I am indebted to Neil Gaiman’s writing masterclass for reminding me to keep paper and pen near at hand at all times. I knew this, but way led onto way, and I got out of the habit. And all times means ALL times. By my bedside, when tromping the neighborhood in pursuit of the daily step count, in the grocery store. Why? Because we know how the old brain-eroo works.
We have an executive mental mode for Getting Stuff Done. This cognitive approach is for solving problems, doing task-oriented work, and checking off to-dos. Then there’s the unfortunately named default mode, which is equally productive, but much quieter. We kick into default mode in the shower, driving a familiar route (say, to the horse barn and back), and sometimes when sitting in meetings (or, um, writers’ workshops).
In the default mode we are also Getting Stuff Done, such as bringing connections up from the subconscious (sometimes experienced as an aha!), deciding what we stand for, and making long-term plans based on our values. But default mode can be coy. If you don’t jot down the brilliant aha! or what-if, it can swim away never to be seen again. When you physically write the thought down, you signal to the brain that the concept has weight and merit, and the imagination–rather than forgetting it–will embroider on the idea further.
This carries over to the classroom, where we know that physical note-taking results in greater comprehension and retention than typing notes into a computer does. Why? Because the physical act of writing is fundamentally different from typing, and something about writing helps anchor thoughts in memory more effectively than typing does. Then too, when you write on paper, you are not simply taking dictation. You must paraphrase what’s presented, boil it down, and use your own symbols, sketches, and abbreviations to record it. You have to not merely listen, in other words, you must also think.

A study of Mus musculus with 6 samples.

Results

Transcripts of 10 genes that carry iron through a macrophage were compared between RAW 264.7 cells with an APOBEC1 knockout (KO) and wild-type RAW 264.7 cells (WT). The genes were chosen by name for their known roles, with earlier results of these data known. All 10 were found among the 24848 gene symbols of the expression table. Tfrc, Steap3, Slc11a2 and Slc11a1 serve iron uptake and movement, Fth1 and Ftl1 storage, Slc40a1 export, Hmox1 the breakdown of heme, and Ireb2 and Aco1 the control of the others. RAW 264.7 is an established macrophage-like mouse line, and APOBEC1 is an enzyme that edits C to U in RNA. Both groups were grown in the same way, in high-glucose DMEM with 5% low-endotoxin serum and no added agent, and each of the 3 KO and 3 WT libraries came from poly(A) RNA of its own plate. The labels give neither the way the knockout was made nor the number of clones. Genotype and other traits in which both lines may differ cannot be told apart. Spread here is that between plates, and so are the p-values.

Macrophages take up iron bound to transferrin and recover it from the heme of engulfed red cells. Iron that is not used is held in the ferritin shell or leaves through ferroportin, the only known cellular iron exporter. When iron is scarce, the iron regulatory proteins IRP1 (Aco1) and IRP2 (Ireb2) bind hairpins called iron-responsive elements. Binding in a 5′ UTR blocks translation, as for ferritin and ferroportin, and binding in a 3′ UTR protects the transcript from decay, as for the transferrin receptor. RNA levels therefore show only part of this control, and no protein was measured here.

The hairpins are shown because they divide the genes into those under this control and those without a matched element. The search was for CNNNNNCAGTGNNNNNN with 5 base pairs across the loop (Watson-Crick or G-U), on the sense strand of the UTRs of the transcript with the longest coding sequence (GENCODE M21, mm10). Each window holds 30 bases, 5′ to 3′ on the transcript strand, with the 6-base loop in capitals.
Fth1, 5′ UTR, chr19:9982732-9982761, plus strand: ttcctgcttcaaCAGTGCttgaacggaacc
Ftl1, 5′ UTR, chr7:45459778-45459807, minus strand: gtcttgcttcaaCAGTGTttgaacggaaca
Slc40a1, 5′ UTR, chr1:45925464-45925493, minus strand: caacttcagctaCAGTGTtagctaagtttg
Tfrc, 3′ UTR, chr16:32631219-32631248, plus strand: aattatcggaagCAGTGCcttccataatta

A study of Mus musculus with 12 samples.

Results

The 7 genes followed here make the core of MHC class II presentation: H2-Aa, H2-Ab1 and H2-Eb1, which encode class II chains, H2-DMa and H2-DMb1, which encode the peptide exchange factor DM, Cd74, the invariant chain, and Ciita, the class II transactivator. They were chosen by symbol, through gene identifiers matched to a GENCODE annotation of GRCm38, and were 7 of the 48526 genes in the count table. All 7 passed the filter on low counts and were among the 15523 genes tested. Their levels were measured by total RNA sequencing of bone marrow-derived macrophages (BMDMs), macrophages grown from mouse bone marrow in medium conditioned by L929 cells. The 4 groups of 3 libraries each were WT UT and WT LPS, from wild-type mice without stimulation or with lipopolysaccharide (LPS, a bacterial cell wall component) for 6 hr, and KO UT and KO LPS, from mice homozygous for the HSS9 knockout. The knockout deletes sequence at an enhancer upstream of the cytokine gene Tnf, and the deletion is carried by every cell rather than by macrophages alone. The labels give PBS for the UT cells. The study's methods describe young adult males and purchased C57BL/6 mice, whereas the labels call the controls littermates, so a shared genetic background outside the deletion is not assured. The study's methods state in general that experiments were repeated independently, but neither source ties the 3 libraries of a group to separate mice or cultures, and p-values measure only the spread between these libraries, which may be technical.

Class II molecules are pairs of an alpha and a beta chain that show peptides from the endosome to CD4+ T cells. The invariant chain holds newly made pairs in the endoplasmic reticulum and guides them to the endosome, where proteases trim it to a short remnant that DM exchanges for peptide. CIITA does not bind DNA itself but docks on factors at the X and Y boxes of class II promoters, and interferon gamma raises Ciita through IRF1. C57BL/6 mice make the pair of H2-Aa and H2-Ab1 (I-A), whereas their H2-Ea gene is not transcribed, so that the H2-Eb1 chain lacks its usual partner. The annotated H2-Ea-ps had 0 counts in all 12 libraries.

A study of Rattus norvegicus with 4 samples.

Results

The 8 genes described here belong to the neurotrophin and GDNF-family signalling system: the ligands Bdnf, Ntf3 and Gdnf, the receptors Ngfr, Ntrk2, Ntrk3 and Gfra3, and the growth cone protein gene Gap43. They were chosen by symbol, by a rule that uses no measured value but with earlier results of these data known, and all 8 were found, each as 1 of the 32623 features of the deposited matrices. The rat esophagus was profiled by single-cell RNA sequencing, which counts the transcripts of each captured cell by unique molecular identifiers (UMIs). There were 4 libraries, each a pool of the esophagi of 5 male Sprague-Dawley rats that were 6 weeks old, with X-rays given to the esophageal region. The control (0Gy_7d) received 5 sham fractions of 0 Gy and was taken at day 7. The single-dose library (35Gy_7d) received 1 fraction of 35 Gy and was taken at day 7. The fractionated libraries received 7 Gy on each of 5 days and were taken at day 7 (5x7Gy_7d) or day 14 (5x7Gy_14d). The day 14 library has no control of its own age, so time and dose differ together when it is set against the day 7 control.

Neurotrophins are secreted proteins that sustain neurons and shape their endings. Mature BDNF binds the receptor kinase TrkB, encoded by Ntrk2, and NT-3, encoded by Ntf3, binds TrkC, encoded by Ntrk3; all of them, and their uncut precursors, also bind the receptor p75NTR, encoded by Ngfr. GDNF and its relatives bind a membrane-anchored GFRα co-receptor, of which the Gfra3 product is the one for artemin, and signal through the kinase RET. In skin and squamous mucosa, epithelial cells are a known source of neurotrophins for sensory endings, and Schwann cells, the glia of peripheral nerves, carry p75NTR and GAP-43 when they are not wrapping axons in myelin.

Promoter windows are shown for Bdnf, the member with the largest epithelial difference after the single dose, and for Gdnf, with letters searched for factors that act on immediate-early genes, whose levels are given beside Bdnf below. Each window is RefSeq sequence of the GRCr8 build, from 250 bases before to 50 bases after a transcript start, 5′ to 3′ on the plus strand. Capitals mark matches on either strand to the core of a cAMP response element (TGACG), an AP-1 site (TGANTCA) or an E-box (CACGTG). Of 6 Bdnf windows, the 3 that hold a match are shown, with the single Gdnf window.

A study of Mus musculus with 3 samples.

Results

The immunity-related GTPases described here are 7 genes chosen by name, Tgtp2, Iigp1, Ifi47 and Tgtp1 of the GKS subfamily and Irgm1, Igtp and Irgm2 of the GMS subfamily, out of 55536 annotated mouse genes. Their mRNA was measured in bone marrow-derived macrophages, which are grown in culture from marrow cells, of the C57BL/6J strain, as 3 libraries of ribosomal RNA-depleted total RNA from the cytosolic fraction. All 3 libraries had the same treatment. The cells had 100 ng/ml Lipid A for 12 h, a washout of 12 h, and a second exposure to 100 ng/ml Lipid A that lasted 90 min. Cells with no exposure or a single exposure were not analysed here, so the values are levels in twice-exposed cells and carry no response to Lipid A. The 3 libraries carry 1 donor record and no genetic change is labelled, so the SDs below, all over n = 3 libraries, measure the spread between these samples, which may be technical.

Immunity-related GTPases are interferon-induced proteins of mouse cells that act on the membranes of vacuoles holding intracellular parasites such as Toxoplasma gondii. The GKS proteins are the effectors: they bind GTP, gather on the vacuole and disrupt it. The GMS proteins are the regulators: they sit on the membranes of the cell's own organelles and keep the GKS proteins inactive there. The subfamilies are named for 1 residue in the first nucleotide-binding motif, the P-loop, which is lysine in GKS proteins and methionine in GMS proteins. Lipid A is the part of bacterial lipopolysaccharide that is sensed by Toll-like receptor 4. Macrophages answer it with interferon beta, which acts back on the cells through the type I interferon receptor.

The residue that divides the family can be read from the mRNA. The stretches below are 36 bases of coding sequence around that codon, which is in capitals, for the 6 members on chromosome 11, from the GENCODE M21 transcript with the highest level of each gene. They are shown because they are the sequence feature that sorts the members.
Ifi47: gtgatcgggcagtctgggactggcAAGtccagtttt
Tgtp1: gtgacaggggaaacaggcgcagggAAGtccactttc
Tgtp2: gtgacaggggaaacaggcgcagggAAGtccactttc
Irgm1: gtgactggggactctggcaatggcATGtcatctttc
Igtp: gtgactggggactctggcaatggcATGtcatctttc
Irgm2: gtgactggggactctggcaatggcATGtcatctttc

Writing by hand has other benefits in the classroom besides improving comprehension and retention. Students who write by hand are not sitting behind a physical device, fixated on the screen and keyboard. Class discussions evolve from the teacher-student dialogues common in computer-note-taking classes, into group-wide conversations of more depth and variety. That too, makes the material more interesting and memorable.
Many writers begin their days with what are called Morning Pages, a time to physically write about what’s on their minds or where they want their stories to go. I finish my day journaling, but I’ve fallen into the habit of journaling on my computer. I’m going to go back to handwriting those final thoughts of the day, as I did for years, just as soon as I recreate a space in my house where handwriting is comfortable (ahem). You know–a desk that isn’t commandeered by a computer?
Do your handwrite anymore? Why or why not? If you were going to re-introduce the skill, where would be a good place to start? To one commenter, I’ll send a $50 e-gift card.